A brief history of the car bomb

Buda’s Wagon: A Brief History of the Car Bomb, Mike Davis, Verso, $39.95   Website

A brief history of the car bomb It’s not difficult to see why Mike Davis is regarded as a chronicler of apocalypse. His last couple of books have included one on the avian flu crisis and another on the world’s megaslums. His latest is a history of the car bomb that begins with Mario Buda, an Italian anarchist, who in 1920 parked a bomb-laden wagon on Wall Street. This was an ominous sign of things to come: use of an inconspicuous vehicle to bring terror and carnage to the heart of modern capitalism.

Davis’s books examine the injustices and inequities that get hidden away through society’s divisions and separations. This book charts the dreadful return of the repressed. As a weapon of urban terrorism, the car bomb is cheap, anonymous, simple to make; it is a kind of "open-source warfare". Davis’s book spares us none of the appalling consequences of this "poor man’s airforce".

This history really gets going in the Middle East, but Davis doesn’t look to the usual suspects to find its source. It was first utilised by a group of Zionist guerrillas, the Stern Gang, against the British authorities and the Palestinian populace. Davis then follows its trail to 1950s Vietnam and finds confirmation of Graham Greene’s theory in his novel of CIA intrigue, The Quiet American. Car bombings blamed on the communists were used to enhance the position of the US man in Saigon, General Trinh Minh Thé.

Early on in the book  we see car bombing practised by states, the marginalised, political insurgents, and gangsters. The early history also includes car bombings by the clandestine French military organisation, the OAS, which was intent on preserving the position of the white settlers in Algeria. By the 1960s, it is used by the Viet Cong against US personnel in Vietnam. 

A brief history of the car bomb Davis observes that Beirut in the early 1980s "became to the technology of urban violence what a tropical rainforest is to the evolution of plants and insects". After the Israeli invasion of Lebanon, Hezbollah made its contribution to this grisly history: the suicide bomber. The effectiveness of this was evident in 1983 when they used a truck bomb so powerful that it lifted the US barracks into the air, killed 241 marines and caused the withdrawal of US forces.



No matter what the disagreement around 'blowback' as an explanation of terrorism, it is difficult to ignore the US training and arming of Islamist fighters against the communists in Afghanistan during the 1980s. CIA training and equipment provided via the Pakistani Inter-Services Intelligence — including that associated with the use of fertiliser-based car bombs — is described by Davis as "the greatest transfer of terrorist technology in history".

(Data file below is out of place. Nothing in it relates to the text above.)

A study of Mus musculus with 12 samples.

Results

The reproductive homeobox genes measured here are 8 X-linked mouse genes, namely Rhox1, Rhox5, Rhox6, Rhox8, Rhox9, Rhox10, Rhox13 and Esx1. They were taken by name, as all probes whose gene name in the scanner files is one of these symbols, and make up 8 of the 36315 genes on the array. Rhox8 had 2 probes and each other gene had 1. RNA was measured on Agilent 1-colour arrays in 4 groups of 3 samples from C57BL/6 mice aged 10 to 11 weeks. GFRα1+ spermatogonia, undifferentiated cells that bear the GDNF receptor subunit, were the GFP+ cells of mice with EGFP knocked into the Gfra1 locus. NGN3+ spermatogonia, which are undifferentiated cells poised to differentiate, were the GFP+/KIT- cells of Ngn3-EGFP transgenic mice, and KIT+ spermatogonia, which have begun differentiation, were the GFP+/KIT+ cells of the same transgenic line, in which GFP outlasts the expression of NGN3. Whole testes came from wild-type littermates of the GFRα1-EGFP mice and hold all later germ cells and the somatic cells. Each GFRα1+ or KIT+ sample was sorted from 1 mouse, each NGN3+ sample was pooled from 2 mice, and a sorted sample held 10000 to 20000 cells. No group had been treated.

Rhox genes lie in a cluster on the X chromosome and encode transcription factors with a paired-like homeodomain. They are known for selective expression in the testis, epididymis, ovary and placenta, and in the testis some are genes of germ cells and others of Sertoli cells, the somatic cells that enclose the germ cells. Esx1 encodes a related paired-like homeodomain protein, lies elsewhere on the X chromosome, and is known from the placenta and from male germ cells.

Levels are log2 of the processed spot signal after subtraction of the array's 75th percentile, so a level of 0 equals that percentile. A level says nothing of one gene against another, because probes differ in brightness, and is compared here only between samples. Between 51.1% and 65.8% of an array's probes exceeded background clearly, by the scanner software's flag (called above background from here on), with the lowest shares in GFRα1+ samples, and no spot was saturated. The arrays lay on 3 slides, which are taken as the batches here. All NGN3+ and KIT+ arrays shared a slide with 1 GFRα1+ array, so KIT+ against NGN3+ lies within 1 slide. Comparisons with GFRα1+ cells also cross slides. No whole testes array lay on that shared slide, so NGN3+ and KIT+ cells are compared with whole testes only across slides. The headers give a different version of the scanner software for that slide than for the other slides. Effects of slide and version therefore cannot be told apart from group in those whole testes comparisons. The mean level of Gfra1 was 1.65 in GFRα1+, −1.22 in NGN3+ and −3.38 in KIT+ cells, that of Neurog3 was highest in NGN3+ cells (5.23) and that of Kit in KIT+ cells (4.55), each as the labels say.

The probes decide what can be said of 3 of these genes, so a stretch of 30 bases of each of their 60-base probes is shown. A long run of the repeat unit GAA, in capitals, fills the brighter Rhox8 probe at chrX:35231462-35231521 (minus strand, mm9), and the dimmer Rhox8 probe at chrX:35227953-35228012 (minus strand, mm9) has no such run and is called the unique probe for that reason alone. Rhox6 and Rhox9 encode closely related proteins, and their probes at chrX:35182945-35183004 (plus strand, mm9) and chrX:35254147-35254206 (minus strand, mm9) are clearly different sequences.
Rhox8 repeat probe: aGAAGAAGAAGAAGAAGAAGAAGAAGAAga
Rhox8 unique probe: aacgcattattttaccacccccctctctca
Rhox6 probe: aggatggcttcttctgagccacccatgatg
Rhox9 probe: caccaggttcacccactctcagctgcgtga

Technology doesn’t drive history, of course, but must wait for its time to come. Davis’s account shows this moment as arriving with the repercussions of Beirut and Afghanistan, in the various actions of Basque nationalists, Columbian drug lords and Peruvian Maoists. With the end of the cold war there was a globalisation of car bombings that even saw the IRA targeting London’s financial districts.

If the US had illusions of invincibility after the first Gulf War, it was disabused of this with the car bomb that blew a seven-story crater in the basement of the World Trade Centre in 1993. We can’t help but recognise this as a portent of a time when cars would grow wings. That the US faced a chaotic array of enemies at this point was made clear by the different kind of blowback visited upon them by Gulf War veteran Timothy McVeigh.

Some seem to hold faith in the well-targeted strike against terrorist HQ as a solution to current problems. A look at the history of car bombing allows Davis to recognise a more complicated and "diffuse ecology of terror and resistance" nurtured by closer factors such as Saudi money and Pakistani intelligence. Hence the groups that continued emulating al Qaeda after September 11.

Davis’s account was always going to lead us to contemporary Iraq, where car bombs have been used to drive out the UN, target police recruiting stations and foment civil war. The Americans withdraw to their green zones while average Iraqis are subject to crime, murder and insurgency. Davis ponders this as a future for us all, living in red zones, subject to surveillance, police checks and suspended civil liberties.

Davis’s book shows how the history of a technology can be used as a focus and shorthand for exploring some of the key forces and events of an age. The downside of this is sometimes a lack of an adequate sense of context and motivating belief of the actors involved. Nevertheless, Davis clearly demonstrates that this is a technology deserving of its own history. As a marker of present progress and development it is a very grim signpost indeed.